Southern Ohio congregation creates co-working space at church, offers onsite childcare

Posted Nov 7, 2023

[Diocese of Southern Ohio] The leaders of Church of the Advent in Cincinnati couldn’t have known what they had set in motion when they hired Schickel Design to draft plans for the renovation of the extensive non-worship spaces of their building. But Rebecca Dorff Cadena, Schickel’s president, had an idea for a co-working space that offered onsite child care, and Advent had a commitment to putting its indoor and outdoor spaces at the service of the wider Walnut Hills community. And so a partnership was born.

Caalma, which offers childcare in the newly renovated basement in the central section of the church building, a coffee-shop-like communal gathering area on the first floor, and rental offices, desks and private meeting rooms on the second floor, opened last November. Its child-care capacity is 15, and Cadena estimates that the three-person staff cares for about a dozen children on any given day. Not everyone who rents working space requires childcare, however, and Cadena says about 15 people use the co-working areas each day.

The idea for Caalma, which is short of Casa de Alma, or home of the soul, came to Cadena largely from an understanding of her own needs. She had been a freelance architect in New York, “trying to piece together life” since the births of her three children, and while she didn’t want a full-time office job outside her home, she didn’t want to stop working either.

“I was feeling this need for community, and it wasn’t there,” she said. “And finding child care in a flexible way wasn’t there either.”

Those needs didn’t go away when Cadena and her family moved to Cincinnati in 2017 to be close to family and allow her to take over Schickel Design. She knew other parents had needs similar to hers and was developing the concept that grew into Caalma when the Rev. Jason Oden, who was then priest-in-charge at Advent, and is now the diocese’s canon for formation and new Episcopal communities, contacted her in 2020. He was interested in renovating the non-liturgical sections of the church building, which dates to the late 1850s. As it happened, the space Advent wanted was the kind of space Caalma needed. More than that, it fit the church’s mission.

“The conversation grew from the realization that maybe we were all working on the same project,” said the Rev. Dan Carlson, who succeeded Oden as the parish’s priest-in-charge. The church, he said, was asking itself, “what is the way to make the space useful and accessible to people in our neighborhood,” and Cadena’s vision for Caalma fit in well with what he described as “a new concept of village life.”

Much of Advent’s outreach work in recent years has focused on issues of food scarcity and food justice, but with newly renovated indoor space, it had an opportunity to invite “another aspect of the neighborhood” into the church.

Parishioners and neighbors interact with Caalma’s 30 members in the shared coffee-shop-like area on the first floor of the church’s central section, and church groups use that gathering space, and a small adjacent kitchen, for meetings and group meals after Caalma closes shop at 6 p.m.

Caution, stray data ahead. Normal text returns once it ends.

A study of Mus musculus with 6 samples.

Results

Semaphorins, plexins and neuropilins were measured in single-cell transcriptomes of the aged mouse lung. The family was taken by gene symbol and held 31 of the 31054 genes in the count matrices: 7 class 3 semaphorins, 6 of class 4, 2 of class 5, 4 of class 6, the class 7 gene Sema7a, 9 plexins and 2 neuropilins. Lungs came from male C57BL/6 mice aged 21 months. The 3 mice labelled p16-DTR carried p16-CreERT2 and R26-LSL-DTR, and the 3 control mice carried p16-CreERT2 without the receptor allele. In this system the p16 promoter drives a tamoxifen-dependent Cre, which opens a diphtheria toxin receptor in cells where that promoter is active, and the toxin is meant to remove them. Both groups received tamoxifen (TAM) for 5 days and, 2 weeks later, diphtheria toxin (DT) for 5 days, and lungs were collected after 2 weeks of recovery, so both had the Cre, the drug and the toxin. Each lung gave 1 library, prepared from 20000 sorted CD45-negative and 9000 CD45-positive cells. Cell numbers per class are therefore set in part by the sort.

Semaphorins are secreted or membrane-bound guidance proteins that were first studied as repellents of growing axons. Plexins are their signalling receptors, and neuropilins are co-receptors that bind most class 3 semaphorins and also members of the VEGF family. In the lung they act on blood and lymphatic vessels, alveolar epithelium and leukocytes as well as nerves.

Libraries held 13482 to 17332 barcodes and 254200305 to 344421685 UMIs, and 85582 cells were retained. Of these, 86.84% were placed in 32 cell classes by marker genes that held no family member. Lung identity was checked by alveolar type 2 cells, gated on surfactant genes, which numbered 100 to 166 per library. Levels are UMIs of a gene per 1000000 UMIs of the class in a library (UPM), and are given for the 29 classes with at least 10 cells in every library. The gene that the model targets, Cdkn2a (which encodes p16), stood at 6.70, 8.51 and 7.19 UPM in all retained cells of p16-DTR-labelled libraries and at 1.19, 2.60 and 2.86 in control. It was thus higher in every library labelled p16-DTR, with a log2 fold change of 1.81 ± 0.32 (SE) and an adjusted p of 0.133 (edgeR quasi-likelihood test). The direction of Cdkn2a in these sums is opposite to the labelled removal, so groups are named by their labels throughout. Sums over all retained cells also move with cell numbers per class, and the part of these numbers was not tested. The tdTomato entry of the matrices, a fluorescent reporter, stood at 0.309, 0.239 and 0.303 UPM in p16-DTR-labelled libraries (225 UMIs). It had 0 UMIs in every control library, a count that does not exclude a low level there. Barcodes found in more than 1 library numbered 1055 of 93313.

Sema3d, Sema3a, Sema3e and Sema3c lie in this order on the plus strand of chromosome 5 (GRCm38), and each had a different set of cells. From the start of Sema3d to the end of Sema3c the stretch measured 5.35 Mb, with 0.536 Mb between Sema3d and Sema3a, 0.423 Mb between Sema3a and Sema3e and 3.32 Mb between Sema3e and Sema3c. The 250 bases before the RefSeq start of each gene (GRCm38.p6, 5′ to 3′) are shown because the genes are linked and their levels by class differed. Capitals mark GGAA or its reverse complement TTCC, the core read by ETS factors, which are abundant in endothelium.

“It’s a unique relationship, and requires a lot of communications and patience from both sides, but it’s been wonderful,” Cadena said.

The parish uses two of the offices on the same hallway as those Caalma rents to members, and Cadena keeps an office there as well, Carlson said. That makes communications easier, but he said there was more to the relationship than that.

“There are moments I stop and reflect on the fact we have a kind of trust that any two groups you threw together might not have,” Carlson said. “We didn’t come into this never having met before. We came into it knowing we could work together and had similar ideas about the role of churches in a changing world.”

Advent is not alone in seeking ways to invite its neighbors onto church grounds and into church buildings. Efforts to make better use of church buildings, and perhaps develop an income stream in the process, have been underway churchwide for more than a decade.

But Carlson said efforts to weave the church more closely into the community look a little different at Advent than at most other churches. A majority of the congregation has been attending the church for three years or less. They are younger than most Episcopalians and have spent less time in the church.

“This coffee-house-type space that is available throughout the week is interesting to folks who are just beginning to cement their relationship with the parish and with the church,” he said. These new Episcopalians are also drawn to outreach ministries, such as the congregation’s Good News Garden, food pantry and common orchard.

“The congregation has been here since 1855,” Carlson said. “But it feels like a church plant. There are so many folks who are still jelling and still forming the heart of the community.” Among the church’s next priorities, he said, are finding a partner to work out of the large kitchen in the church’s basement and developing Advent’s outdoor spaces to make them more welcoming to the community.